New Year met me somewhat sad:
Old Year leaves me tired,
Stripped of favourite things I had
Baulked of much desired:
Yet farther on my road to-day
God willing, farther on my way.
New Year coming on apace
What have you to give me?
Bring you scathe, or bring you grace,
Face me with an honest face;
You shall not deceive me:
Be it good or ill, be it what you will,
It needs shall help me on my road,
My rugged way to heaven, please God.
~ from Old and New Year Ditties by Christina Rossetti
To begin the new decade on this blog, I’m sharing a little excerpt set at the start of another — in the mid 19th century. It’s from my work-in-progress novel, The Dove Upon Her Branch, about the Victorian poet, Christina Rossetti, youngest sister of the painter, poet, and Pre-Raphaelite Brotherhood founder, Dante Gabriel Rossetti. She was 19 at the time, a few of her poems having just been published in the new PRB magazine initially named The Germ: Thoughts Towards Nature in Poetry, Literature, and Art.
Ellen Alleyn appeared and disappeared through her words, warbling melodically and melancholically, a songbird heard but never seen except perched on a page, and then by so few. Her engagement in life was meant to be sweet and safe, a natural movement from branch to branch towards the inclination of nesting. Instead, she was senselessly shot down by naïve expectations, which the afterlife would relentlessly look back on as bad judgment.
It is an empty name I long for; to a name why should I give the peace of all the days I have to live.
It was a name Gabriel invented after the first printing of The Germ, so, when it was decided not to risk presenting further issues as the work of one, Christina, unlike the other six contributors, could continue to conceal her identity. She should have argued she wasn’t afraid of owning her poems, that it might be what she needed to do to grow stronger as a writer. From far away in wintry Wiltshire, where she was visiting Aunt Charlotte, a disagreement with Gabriel via letters he was unlikely to answer was unwinnable.
Christina was at home for the New Year’s Eve delivery of fifty copies of the first issue to Charlotte Street by the printer, George Tupper. Throughout that last day of 1849, its contributors arrived to celebrate. Papa was delighted with the complicated company, while Mama panicked at the lingering of so many hungry, thirsty men eager for a new decade and the wild ride of rebellion. She sent Betsey to the shops with the week’s allowance for food, Gabriel convincing her—or not—that the success of the magazine would repay her hospitality and “make a little starvation worth it.”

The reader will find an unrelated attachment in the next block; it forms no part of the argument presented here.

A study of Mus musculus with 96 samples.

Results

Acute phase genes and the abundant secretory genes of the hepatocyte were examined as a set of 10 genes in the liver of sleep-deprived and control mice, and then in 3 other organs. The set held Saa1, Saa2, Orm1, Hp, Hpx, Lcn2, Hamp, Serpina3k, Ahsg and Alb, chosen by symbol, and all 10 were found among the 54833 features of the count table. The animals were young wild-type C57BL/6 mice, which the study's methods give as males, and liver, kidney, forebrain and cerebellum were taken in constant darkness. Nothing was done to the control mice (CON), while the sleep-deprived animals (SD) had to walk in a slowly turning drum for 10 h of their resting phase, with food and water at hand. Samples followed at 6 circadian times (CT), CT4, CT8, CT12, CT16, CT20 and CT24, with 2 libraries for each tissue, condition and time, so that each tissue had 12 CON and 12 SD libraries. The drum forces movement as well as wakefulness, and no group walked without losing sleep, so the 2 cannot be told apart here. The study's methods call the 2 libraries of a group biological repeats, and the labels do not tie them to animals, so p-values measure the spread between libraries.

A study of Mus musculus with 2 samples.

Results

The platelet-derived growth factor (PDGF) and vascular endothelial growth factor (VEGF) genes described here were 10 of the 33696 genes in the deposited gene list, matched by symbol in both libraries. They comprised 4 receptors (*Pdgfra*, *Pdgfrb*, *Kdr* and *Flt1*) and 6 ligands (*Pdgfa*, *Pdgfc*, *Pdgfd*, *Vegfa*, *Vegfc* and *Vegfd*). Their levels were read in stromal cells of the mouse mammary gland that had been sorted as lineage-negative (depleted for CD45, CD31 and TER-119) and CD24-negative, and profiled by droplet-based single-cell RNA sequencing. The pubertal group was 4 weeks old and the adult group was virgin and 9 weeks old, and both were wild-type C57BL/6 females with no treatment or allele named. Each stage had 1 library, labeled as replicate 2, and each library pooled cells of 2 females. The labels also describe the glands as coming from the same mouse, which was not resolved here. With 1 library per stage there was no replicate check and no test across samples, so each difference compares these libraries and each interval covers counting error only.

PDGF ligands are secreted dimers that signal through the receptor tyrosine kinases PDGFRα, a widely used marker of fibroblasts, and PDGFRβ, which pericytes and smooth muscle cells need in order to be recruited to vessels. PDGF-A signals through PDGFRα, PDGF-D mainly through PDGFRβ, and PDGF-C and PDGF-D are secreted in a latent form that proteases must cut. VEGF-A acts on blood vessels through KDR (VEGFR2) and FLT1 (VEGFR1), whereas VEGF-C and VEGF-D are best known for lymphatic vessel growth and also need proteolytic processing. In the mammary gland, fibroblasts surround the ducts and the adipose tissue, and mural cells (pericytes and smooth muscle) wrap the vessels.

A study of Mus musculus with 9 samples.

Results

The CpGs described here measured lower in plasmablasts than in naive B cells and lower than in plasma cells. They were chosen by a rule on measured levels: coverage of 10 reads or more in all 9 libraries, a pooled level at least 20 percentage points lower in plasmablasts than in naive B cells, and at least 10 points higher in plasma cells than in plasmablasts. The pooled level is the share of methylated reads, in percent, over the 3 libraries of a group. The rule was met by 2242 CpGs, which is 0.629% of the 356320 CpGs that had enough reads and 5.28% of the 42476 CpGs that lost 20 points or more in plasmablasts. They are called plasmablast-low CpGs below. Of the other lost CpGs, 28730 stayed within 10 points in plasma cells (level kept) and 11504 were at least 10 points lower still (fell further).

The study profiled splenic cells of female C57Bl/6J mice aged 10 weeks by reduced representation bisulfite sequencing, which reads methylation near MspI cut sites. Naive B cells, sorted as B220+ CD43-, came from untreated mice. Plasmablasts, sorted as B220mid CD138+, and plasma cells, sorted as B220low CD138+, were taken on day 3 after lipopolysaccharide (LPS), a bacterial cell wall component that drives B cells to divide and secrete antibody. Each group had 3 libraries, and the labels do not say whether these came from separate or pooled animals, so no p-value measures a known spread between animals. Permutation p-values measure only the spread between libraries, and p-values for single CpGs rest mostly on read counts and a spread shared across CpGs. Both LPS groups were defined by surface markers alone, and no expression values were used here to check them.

Copyright © 2020 by DM Denton
The Germ was a magazine established in 1850 at the beginning of the Pre-Raphaelite movement by its founding members Dante Gabriel Rossetti, William Holman Hunt, John Everett Millais and, editor and ‘historian’ of the movement, William Michael Rossetti. Born out of an idea of D G Rossetti’s, the magazine sought to circulate the creative work and radical ideas of the Pre-Raphaelites as expressed in poetry, literature and art. In their own words, printed at the end of each issue, their mission was:
With a view to obtain the thoughts of Artists, upon Nature as evolved in Art […] this Periodical has been established. Thus, then, it is not open to the conflicting opinions of all who handle the brush and palette, nor is it restricted to actual practitioners; but is intended to enunciate the principles of those who, in the true spirit of Art, enforce a rigid adherence to the simplicity of Nature either in Art or Poetry […].
Each issue included an engraving, poetry and historical or critical essays (on subjects, for example, such as early Italian artists, whom the group emulated). After two numbers, the magazine’s title was changed to the more literal Art and Poetry: Being Thoughts towards Nature Conducted Principally by Artists. In spite of D G Rossetti’s ambitions and enthusiasm, however, the magazine sold poorly. It was forced to close down after four numbers (January, February, March and April 1850), although the Pre-Raphaelite circle continued to develop.
Christina Rossetti’s involvement
The Germ provides us with an insight into Christina Rossetti’s early poetic career during her late teens. The magazine published seven of Rossetti’s poems across three numbers, including ‘Dream Land’ and ‘An End’. Although published under the pseudonym ‘Ellen Alleyn’, Rossetti’s identity was undoubtedly known among her fellow all-male contributors.
To few chords and sad and low
Sing we so:
Be our eyes fixed on the grass
Shadow-veiled as the years pass
While we think of all that was
In the long ago.
~ from The End by Christina Rossetti (published in the first issue of The Germ, 1850)
©Artwork and writing, unless otherwise indicated, are the property of Diane M Denton. Please request permission to reproduce or post elsewhere with a link back to bardessdmdenton. Thank you.